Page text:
28 September 2017 Blog
Orthopaedics Rehabilitation
Preparing for orthopaedic surgery, particularly for knee and hip surgery, includes considering what changes you can make around your home says Occupational Therapist Louise Slater.

When you first return from hospital, your joint that you had surgery on might still be a bit painful and you may have trouble getting around. Therefore, it is important to ensureyour home is safe and comfortable.

Here are some things to consider before your surgery.

The layout of your home:

Steps

  • Are there any steps to get into the house?
  • Could they be avoided or can you install a ramp?

Shower

  • Is your shower easily accessible?
  • Are there steps to get in or, is it over a bath?
  • Would you benefit from a handrail or shower chair?
Toilet
  • Is your toilet too low?
  • You may need a frame that fits over your toilet as you will find it easier to get up from a higher seat.

Your furniture

  • Seating
  • Do you have a suitable armchair? The best seat height is the same height as the back of your knee.
  • Does it have sturdy armrests and a reasonably level seat?
  • How difficult is it for you to get out of currently?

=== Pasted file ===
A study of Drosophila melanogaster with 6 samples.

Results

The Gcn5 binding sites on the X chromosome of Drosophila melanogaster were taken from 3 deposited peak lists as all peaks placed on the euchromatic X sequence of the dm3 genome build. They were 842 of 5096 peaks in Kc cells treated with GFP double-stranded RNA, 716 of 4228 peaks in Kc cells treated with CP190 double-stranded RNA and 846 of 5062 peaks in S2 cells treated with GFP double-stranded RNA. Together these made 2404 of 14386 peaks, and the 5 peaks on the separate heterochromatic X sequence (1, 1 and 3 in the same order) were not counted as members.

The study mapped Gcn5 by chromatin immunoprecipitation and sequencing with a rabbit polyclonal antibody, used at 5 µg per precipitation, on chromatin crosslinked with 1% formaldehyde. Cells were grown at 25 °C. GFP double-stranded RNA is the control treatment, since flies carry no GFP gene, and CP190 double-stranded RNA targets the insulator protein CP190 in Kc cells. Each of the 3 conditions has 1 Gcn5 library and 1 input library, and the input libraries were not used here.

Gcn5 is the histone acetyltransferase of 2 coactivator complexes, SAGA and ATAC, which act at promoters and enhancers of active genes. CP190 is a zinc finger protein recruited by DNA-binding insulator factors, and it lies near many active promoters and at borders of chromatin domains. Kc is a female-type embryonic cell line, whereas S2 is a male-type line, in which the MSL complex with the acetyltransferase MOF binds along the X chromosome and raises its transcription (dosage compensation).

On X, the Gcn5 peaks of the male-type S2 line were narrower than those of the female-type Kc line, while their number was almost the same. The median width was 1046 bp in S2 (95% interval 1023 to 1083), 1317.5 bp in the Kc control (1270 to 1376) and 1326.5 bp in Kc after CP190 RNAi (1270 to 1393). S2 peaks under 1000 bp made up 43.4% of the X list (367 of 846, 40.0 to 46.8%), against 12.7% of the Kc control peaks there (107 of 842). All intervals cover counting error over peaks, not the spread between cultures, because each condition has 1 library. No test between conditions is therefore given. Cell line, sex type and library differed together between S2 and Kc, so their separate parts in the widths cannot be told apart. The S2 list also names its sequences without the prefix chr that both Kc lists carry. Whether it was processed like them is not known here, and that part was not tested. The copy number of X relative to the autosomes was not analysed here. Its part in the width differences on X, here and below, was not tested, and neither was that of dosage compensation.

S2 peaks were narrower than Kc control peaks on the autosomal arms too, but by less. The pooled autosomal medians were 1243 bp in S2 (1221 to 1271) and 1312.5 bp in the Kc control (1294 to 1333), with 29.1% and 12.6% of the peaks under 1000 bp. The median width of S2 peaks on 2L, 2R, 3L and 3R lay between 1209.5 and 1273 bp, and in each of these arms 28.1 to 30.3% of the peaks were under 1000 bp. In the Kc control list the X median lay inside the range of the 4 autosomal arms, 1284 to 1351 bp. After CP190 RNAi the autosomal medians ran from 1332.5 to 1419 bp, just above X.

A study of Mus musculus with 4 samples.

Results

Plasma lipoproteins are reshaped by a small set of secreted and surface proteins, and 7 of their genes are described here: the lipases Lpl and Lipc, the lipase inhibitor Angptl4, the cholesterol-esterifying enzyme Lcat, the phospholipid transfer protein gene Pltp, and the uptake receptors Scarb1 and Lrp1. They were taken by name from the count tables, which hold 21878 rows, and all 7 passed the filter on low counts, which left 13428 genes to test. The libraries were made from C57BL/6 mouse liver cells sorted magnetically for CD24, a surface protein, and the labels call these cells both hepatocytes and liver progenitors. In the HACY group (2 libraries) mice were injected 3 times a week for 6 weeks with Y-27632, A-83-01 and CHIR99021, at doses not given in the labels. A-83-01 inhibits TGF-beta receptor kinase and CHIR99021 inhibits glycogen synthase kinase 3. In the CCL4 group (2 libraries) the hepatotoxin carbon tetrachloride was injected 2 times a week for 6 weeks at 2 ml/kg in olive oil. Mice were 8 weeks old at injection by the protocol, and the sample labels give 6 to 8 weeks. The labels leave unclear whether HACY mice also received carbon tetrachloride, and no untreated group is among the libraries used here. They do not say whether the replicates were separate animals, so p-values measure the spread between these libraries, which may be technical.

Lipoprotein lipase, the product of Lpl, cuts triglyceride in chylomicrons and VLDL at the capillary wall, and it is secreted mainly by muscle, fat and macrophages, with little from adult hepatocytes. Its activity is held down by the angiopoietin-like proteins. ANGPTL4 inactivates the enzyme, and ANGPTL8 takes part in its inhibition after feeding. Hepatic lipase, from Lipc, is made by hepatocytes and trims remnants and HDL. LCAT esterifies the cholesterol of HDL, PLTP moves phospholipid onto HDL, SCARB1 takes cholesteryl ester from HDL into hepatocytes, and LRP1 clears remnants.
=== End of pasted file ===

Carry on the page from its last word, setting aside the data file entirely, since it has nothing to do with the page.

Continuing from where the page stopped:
• Bed
  • Your bed should be easily accessible and of a comfortable height.
  • Do you need to raise it to make it easier to get into?

If you can see issues with your home layout or you think you may need some home equipment, please request an appointment with an occupational therapist. You can do this at your pre-admission interview.



Beyond the structure of your house, you can complete a few everyday tasks to prepare.

Household tasks

  • Consider cooking and freezing meals or arranging home delivery.
  • Stock the pantry/ fridge before admission.
  • Arrange for someone to help with pet /garden care.
  • Attend to any home maintenance/ cleaning tasks before admission.
  • Move any furniture that may cause an obstacle for you when walking with crutches or a walking frame.
Any surgical procedure carries risks. Make sure you discuss all possible risks with an appropriately qualified health practitioner.
Louise Slater - Occupational Therapist

Louise Slater is an occupational therapist at St John of God Frankston Rehabilitation Hospital and has more than 30 years’ experience, working in hospital and community settings.